US seeks to contain damage from Afghan shooting
WASHINGTON (AP) — President Barack Obama and Defense Secretary Leon Panetta both called Afghan President Hamid Karzai to express their condolences after an American soldier in Afghanistan wandered off base and allegedly gunned down 16 villagers, and Panetta vowed to "bring those responsible to justice."
In a statement released Sunday by the White House, Obama said, "This incident is tragic and shocking, and does not represent the exceptional character of our military and the respect that the United States has for the people of Afghanistan."
Panetta said a full investigation was already under way.
A U.S. official said the suspect is a conventional soldier from Joint Base Lewis-McChord, Wash.
Another U.S. official said the sergeant is married and has two children. He served three tours in Iraq, and had been serving his first deployment in Afghanistan since December.
He was assigned to support a special operations unit of either Green Berets or Navy SEALs engaged in a village stability operation. Such operations are among NATO's best hopes for transitioning out of Afghanistan. They pair special operations troops with local villagers chosen by village elders to become essentially a sanctioned, armed neighborhood watch.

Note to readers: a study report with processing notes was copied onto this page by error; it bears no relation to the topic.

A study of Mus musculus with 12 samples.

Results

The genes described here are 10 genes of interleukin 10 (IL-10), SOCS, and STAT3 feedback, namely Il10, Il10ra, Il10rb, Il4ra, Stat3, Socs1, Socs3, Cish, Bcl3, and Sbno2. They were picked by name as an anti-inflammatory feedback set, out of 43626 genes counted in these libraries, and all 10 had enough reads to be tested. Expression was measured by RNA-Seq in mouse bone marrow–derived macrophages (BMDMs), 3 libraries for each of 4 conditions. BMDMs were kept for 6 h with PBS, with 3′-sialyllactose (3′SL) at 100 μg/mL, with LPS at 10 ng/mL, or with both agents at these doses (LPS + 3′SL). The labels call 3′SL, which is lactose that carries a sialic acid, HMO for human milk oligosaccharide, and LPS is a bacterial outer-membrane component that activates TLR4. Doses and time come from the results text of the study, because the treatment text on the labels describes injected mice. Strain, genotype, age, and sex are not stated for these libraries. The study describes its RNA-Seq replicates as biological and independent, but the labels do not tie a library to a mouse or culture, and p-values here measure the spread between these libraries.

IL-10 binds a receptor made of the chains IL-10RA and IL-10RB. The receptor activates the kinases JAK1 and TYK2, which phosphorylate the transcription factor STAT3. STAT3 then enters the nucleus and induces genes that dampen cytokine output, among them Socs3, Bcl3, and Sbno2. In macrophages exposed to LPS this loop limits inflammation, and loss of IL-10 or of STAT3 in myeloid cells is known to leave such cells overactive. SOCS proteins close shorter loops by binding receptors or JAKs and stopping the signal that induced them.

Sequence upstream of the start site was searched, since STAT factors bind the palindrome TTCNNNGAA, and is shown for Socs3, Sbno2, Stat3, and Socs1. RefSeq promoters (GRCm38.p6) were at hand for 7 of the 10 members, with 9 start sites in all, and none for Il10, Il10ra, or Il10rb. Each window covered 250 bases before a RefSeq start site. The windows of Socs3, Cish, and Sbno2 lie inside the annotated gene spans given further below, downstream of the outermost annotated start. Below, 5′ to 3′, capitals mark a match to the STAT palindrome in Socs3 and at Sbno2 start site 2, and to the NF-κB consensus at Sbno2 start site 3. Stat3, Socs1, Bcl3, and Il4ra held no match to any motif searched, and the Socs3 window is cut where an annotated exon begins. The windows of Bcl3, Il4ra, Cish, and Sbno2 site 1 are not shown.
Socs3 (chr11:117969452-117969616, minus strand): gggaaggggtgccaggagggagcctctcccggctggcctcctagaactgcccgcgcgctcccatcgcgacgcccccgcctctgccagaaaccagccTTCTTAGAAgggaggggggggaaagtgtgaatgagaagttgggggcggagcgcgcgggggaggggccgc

The officials spoke on condition of anonymity because the investigation is still ongoing.
Gen. John Allen, the top U.S. commander in Afghanistan, issued a statement pledging a "rapid and thorough investigation" into the shooting spree, and said the soldier will remain in U.S. custody.
U.S. officials said the service member was being detained in Kandahar and the military was treating at least five wounded. One U.S. official said the soldier, an Army staff sergeant, was believed to have acted alone and said initial reports indicated he returned to the base after the shooting and turned himself in.
The shootings come at a particularly sensitive and critical time for the U.S., just as violence over the burning of Muslim holy books at a U.S. base was starting to calm down. Sunday's incident could further fuel calls for a more rapid withdrawal of U.S. troops from Afghanistan.
The destruction of Qurans in a fire pit used to burn garbage last month sparked violent protests that killed some 30 people. Six U.S. service members were killed in attacks by Afghan security forces since that incident, which U.S. officials have apologized for and said was accidental.
AP Intelligence Writer Kimberly Dozier contributed to this report.